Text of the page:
April 11, 2018

On April 10, authors from the National Renewable Energy Laboratory (NREL), Oak Ridge National Laboratory, and Cummins Inc. received the Arch T. Colwell Merit Award during the 2018 annual Society of Automotive engineers (SAE) World Congress Awards and Recognition Ceremony in Detroit. The Colwell award recognizes the authors of papers of outstanding technical or professional merit that are presented at SAE meetings.

The paper, "Evaluation of Fuel-Borne Sodium Effects on a DOC-DPF-SCR Heavy-Duty Engine Emission Control System: Simulation of Full-Useful Life," examines the effects of trace contaminants in biodiesel on diesel emissions control devices. The authors include Petr Sindler, Aaron Williams, Adam Ragatz, and Robert L. McCormick for NREL, as well as lead authors for Oak Ridge National Laboratory Michael Lance, Andrew Wereszczak, and Todd J. Toops, and contributing authors for Cummins Inc. Richard Ancimer, Hongmei An, Junhui Li, and Leigh Rogoski.

This research moves renewable fuels on the path to being fully compatible with current engine systems. Determining how trace contaminants in biodiesel impact emissions control devices allows researchers to move toward optimizing emissions control performance for an industry that has been growing steadily for more than a decade.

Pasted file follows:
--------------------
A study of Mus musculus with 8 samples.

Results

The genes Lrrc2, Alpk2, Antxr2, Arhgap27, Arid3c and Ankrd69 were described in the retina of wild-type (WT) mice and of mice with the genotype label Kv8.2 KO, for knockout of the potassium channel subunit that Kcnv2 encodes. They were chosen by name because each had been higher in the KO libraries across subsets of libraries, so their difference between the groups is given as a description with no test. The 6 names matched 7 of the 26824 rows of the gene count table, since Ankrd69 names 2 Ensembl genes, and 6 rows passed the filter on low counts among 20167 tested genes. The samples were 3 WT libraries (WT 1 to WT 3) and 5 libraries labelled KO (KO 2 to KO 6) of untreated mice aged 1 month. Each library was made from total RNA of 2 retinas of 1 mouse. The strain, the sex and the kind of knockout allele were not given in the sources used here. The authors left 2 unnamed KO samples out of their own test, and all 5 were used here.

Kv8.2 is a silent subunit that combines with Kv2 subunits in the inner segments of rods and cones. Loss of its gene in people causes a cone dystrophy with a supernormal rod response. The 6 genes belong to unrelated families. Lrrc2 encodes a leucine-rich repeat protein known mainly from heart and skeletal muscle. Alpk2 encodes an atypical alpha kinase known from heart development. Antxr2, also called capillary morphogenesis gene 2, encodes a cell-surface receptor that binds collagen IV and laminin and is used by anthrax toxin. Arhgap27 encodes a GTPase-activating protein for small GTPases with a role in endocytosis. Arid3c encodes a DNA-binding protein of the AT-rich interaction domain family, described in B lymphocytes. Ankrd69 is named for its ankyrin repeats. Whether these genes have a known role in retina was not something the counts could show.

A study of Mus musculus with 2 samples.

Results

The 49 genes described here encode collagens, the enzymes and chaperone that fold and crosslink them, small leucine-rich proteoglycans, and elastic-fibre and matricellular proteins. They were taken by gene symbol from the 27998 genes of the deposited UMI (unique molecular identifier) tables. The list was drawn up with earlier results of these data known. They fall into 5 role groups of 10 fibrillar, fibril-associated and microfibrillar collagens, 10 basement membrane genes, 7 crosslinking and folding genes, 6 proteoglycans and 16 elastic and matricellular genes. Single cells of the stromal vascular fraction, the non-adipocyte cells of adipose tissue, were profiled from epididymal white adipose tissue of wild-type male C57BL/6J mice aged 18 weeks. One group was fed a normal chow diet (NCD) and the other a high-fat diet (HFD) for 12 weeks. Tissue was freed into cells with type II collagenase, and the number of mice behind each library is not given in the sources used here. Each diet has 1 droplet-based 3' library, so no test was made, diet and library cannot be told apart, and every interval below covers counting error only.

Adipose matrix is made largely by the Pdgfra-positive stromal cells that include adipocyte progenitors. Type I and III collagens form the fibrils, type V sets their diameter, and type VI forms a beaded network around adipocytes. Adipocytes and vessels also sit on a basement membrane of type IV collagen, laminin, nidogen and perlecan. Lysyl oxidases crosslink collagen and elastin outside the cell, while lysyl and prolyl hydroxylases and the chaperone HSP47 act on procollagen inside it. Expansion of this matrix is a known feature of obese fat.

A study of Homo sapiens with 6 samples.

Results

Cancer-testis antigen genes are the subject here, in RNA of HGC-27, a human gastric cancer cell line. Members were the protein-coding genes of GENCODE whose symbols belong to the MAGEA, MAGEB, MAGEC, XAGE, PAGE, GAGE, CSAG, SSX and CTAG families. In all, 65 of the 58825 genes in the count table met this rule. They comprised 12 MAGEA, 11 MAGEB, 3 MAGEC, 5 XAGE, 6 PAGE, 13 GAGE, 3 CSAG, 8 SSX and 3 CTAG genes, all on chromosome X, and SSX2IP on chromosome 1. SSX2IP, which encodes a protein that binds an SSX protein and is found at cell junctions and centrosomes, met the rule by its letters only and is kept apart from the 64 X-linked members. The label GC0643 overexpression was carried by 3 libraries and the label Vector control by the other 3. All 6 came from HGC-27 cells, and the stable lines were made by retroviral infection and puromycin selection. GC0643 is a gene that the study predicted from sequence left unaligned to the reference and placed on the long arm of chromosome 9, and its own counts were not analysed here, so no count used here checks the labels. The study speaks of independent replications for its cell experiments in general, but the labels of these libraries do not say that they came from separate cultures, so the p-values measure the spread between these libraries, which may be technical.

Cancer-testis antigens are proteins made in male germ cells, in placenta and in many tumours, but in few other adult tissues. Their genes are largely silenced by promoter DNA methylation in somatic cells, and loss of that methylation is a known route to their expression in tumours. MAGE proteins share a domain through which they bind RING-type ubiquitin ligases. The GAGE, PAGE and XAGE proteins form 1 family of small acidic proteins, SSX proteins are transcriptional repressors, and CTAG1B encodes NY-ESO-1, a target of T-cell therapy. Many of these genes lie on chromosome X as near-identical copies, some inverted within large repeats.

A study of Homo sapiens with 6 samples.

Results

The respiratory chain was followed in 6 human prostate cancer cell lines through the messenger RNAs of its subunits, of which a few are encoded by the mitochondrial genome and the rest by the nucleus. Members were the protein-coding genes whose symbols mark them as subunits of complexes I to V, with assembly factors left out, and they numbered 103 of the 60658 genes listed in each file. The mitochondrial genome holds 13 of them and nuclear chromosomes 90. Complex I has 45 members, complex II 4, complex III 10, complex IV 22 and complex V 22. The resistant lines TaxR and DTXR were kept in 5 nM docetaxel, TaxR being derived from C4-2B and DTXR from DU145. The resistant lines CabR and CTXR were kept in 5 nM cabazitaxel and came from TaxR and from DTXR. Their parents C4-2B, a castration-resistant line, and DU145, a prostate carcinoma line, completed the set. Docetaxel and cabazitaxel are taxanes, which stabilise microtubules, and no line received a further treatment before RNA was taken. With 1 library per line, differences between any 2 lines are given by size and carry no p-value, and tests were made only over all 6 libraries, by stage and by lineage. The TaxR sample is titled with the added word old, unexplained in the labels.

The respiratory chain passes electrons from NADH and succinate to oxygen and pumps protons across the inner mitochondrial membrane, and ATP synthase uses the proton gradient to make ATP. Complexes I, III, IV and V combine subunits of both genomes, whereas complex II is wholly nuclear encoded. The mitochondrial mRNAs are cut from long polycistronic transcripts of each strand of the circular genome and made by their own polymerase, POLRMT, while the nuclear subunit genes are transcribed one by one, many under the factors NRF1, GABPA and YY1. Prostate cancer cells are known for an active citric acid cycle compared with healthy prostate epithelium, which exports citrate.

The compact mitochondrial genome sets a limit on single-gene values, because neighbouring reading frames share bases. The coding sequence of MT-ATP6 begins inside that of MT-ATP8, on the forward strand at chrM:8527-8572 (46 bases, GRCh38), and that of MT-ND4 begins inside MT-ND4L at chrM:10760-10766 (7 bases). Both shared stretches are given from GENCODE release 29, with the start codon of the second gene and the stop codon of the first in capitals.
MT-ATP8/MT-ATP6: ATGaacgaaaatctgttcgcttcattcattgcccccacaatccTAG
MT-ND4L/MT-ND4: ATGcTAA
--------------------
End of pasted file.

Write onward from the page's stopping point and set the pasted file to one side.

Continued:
"Industry had expressed concerns about the potential of elements in pure biodiesel to degrade diesel emission control systems," Sindler said. "This study was aimed at pinpointing how sodium or potassium and calcium or magnesium could potentially reduce the functionality of these emissions control devices."

At NREL's Renewable Fuels and Lubricants (ReFUEL) Laboratory, the research team conducted accelerated aging of an emissions control system by simulating more than a thousand hours of engine use with a specially formulated blend of biodiesel.

"This collaboration combined NREL's one-of-a-kind research facility with Cummins engines and emissions control systems, brought together by Oak Ridge's expertise in analysis," McCormick said. "Joining forces ensures we get the best results that are applicable to real-world applications."

The study showed that sodium had the most significant impact on the emissions control system by increasing ash accumulation in the diesel particulate filter. Identifying what aspect of biodiesel has the potential to lower the effectiveness of emissions control systems allowed the team to recommend that future specifications target diesel particulate filter cleaning strategies and required frequency.

SAE recognized the team's findings as a significant contribution to the existing knowledge of mobility engineering, adding their work to the dozens of papers honored by the Arch T. Colwell Merit Award since it was established in 1965.

Learn more about NREL's fuel and combustion science research.